When the world heard the announcement about the sudden passing of poet, novelist, playwright and performer Ntozake Shange last October, it truly mourned. Known for her most famous work, the play “For Colored Girls Who Have Considered Suicide/ When the Rainbow Is Enuf,” Shange was a pioneer whose work drew on her experiences as a Black woman in America.
Before her passing, she wrote “If I Can Cook/You Know God Can: African American Food Memories, Mediations and Recipes,” a collector’s gem that is rich in historical insights with recipes that connect the culinary past to the present.
Author Michael Twitty writes, “This book is the first one I recommend to all cooks to understand the soul of our food…It’s as indispensable as hot sauce.” Jessica B. Harris shares, “It is a rich, dense gumbo of food memories, history, recipes and the special kind of magic that only Shange can create.”
Born Paulette Williams, Shange herself attempted suicide several times after separating from her first husband. Reaffirming her strength, she took the African name Ntozake Shange that means “she who comes with her own things” and she “who walks like a lion.” The success to follow would garner national and worldwide attention, including the movie adaption of “For Color Girls,” by Tyler Perry in 2010.
With a foreword by Vertamae Grosvenor, “If I Can Cook/You Know God Can,” is a powerful memoir and cookbook written in Shange’s true literary style. The stories shared as recipes are weaved in and out tell the tales of her travels throughout the African Diaspora that savor black cuisine and culture. Don’t expect the typical recipe which lists out the ingredients and directions. Instead, open your mind as she walks you through recipes such as Texas shredded beef barbecue and chicken fried steak as if you are listening to it all unfold on Audible. For instance, her directions for the recipe Collards Greens to Bring You Money starts off by saying, “Wash 2 large bunches of greens carefully ‘cause even to this day in winter critters can hide up in those great green leaves that’re goin’ta taste so very good. If you are the anal type, go ahead and wash the greens with suds (a small squirt of dish detergent) and warm water.”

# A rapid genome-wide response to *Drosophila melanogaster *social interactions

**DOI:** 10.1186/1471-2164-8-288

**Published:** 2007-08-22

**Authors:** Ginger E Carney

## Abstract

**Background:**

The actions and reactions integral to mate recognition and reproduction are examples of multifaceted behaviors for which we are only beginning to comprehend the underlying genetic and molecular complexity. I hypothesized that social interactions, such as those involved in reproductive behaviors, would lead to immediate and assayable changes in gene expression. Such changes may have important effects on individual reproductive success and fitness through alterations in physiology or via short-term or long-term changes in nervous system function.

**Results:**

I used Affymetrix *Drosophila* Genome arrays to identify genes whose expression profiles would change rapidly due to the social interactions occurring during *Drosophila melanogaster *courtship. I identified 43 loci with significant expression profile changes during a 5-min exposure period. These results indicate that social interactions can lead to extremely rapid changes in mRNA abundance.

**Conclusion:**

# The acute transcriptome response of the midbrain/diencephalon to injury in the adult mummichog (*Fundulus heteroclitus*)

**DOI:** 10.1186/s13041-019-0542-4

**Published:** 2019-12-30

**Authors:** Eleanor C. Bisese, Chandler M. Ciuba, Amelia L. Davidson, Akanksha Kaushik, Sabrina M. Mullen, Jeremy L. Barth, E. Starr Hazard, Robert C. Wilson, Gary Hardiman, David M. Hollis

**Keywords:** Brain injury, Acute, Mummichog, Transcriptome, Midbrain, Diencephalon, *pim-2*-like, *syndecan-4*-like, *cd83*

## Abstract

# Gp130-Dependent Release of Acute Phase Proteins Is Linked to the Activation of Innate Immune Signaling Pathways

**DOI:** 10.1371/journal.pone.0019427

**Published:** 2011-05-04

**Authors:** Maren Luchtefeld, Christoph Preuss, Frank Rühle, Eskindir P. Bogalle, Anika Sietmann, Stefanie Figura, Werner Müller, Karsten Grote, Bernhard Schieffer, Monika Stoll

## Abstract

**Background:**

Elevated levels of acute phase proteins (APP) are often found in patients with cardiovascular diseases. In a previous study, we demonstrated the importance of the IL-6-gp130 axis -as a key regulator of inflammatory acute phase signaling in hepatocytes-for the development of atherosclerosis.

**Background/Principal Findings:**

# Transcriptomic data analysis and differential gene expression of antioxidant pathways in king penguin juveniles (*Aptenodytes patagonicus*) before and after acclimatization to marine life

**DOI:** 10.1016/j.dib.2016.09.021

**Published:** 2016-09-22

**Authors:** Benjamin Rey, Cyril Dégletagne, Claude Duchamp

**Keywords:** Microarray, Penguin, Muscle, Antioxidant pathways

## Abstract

With just 113 pages, Shange’s gives you a seat at her kitchen table to nibble on knowledge and great food. One of my favorite chapters in the book is, “Brazil: More African than Africans.” She recalls her time living and working in both the Northern and Southern part and the cultural interactions she would have with her students. The beautiful history lesson includes music and of course food. The recipes to follow transport you to the South American country and create a taste for Brazilian rice, chicken vtapa (Shange’s variation of the Afro-Brazilian dish vatapá that is made with shrimp) and Zaki’s favorite feijoada (Brazil’s national dish).
More than a cookbook, “If I Can Cook,” is an extension of Shange’s work as a storyteller that will leave readers to thinking, laughing and hungry. Gone too soon, I would have loved to learn more about her time in the kitchen as a child and adult. Poet and activist Sonia Sanchez remembers Shange stirring her pots as she whipped up “magic.” That is one of the best memories of all.
“If I Can Cook/You Know God Can: African American Food Memories, Meditations and Recipes,” is available on Amazon.